Hey, for a bigger art-project I want to build some wireless LEDs like here:
The LEDs (receiver) are simple, but the sender circuit is a bit much. I will need around 20-40 of the Senders and 100 Leds
Is it possible to replace the ESP32 with an i.e. 555 or something else? Would be nice if the circuit in the end is as simple as possible.
Also one more question, does someone know why they use a 40% mark to space ratio?
Is someone so kind and can help me with that? Thanks in advance.
Can you tell more about the project ?
I doubt if this is reliable enough for your project. It seems to be just a quick project with minimal components.
Do you know if it is legal ?
The ESP32 has the advantage that the frequency for the coil will be the same.
For the circuit I would use a full or half H-bridge with 50% duty cycle.
I don't know why he uses 40% on and 60% off, perhaps it has to do with the circuit.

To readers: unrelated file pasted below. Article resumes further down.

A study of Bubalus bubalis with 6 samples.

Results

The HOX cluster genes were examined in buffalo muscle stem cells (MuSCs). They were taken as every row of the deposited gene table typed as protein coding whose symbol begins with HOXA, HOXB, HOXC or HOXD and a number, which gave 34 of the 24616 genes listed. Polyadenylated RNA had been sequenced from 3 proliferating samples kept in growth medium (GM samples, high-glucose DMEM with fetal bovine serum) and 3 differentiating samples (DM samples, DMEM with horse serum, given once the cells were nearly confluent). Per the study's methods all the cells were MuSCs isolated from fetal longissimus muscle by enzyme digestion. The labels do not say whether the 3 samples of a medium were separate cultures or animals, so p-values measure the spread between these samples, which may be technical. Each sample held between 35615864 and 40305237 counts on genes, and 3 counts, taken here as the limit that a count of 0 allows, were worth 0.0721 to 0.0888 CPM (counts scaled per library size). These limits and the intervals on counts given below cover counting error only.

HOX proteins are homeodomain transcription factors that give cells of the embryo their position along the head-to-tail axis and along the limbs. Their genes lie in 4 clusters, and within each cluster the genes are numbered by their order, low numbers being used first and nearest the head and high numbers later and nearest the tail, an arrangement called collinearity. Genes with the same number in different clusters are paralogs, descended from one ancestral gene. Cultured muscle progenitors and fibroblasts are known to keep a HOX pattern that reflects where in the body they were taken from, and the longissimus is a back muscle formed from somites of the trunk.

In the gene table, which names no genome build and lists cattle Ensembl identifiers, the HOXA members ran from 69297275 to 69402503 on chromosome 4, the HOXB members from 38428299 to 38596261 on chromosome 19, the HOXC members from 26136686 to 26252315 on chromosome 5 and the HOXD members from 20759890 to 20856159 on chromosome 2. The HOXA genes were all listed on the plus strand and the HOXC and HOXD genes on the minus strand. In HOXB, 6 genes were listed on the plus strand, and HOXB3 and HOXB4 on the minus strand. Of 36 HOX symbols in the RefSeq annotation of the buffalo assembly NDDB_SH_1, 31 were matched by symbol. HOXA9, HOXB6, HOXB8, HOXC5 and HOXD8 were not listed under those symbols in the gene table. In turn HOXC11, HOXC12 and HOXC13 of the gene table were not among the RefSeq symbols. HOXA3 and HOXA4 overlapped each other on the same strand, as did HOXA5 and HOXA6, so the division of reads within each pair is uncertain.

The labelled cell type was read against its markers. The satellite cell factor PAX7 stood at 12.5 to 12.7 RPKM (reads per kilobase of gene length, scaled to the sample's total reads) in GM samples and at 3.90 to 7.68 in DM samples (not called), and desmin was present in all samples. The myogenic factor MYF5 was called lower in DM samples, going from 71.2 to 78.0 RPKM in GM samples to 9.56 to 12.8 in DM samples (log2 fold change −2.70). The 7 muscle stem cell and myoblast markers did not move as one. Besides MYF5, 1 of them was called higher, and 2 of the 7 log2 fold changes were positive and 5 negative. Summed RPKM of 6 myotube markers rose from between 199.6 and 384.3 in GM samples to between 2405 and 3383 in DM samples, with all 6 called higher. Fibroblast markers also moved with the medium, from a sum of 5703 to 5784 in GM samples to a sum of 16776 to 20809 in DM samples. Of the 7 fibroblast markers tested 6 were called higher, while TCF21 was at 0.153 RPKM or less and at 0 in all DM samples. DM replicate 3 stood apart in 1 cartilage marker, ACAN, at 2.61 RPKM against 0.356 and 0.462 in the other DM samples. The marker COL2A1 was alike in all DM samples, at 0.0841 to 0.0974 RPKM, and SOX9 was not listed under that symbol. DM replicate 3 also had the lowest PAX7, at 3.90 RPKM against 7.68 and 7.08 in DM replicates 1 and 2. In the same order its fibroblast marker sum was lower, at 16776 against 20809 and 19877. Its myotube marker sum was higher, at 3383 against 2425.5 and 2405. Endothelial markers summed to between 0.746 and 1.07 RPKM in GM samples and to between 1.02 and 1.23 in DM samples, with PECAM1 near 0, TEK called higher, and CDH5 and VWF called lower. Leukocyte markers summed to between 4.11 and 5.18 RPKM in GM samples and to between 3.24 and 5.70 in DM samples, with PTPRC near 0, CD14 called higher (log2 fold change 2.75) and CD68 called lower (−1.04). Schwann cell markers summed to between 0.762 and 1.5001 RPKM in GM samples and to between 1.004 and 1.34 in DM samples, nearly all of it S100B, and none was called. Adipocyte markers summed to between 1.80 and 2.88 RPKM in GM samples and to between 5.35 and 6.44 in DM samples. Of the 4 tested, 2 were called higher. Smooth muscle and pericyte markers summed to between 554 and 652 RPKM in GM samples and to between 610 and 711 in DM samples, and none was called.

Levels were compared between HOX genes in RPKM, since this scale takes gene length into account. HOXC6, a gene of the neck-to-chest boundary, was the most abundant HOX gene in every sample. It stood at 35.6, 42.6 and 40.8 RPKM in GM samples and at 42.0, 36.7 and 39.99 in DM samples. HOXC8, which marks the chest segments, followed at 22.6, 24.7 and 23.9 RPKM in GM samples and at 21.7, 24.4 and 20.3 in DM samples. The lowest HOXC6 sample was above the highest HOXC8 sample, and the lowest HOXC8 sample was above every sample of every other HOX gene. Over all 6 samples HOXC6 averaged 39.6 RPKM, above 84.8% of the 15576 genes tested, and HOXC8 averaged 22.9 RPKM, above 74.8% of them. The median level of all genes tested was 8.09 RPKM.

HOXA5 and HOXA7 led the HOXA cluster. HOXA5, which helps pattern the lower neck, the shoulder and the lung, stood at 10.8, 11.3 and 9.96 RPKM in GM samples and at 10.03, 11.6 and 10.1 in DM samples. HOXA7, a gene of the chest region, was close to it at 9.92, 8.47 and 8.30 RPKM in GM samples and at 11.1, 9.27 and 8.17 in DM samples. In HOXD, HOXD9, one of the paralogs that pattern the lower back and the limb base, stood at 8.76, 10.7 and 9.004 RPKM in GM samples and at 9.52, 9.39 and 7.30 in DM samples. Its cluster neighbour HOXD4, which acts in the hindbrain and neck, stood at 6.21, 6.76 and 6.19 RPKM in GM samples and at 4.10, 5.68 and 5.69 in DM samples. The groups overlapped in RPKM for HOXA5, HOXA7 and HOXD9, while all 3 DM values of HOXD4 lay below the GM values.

Its something like a ...hm.. Magic Library with some Magic Books and other Artefacts. The should be useable and when they are back on the place where they belong (or a Magician comes along with a hidden coil) they should light up. I dont have much space in the Books and Artefacts.
Yeah you can also buy them on Aliexpress, but I will need sometimes some modifications and so its better to diy. (bigger/smaller coils... Leds to the side ... and so on)
It already feels unreliable and a 555 makes it even less reliable.
To use a 555, you need a voltage that is fixed (not from a battery) and good components. The 555 can do a frequency between 200kHz and 300kHz, that is no problem.
The frequency of the receiver coil will change with metal nearby, or a hand nearby.
If you can find out of it is legal, then you can order an existing version to try it out.
In my opinion, it seems a gimmick for something static to look at. You have to test if it is reliable enough for your project.
Can you modify existing wireless leds ? They have already found the optimum for frequency/costs/reliability.
If you're responsible enough to build a transmitter, you're responsible enough to understand the EMI regulations. But since you're new, if the circuit is really on 225 kHz and you don't generate too many strong harmonics of that, you should be okay.
Having said that, the driving circuit is pretty crude class A amp.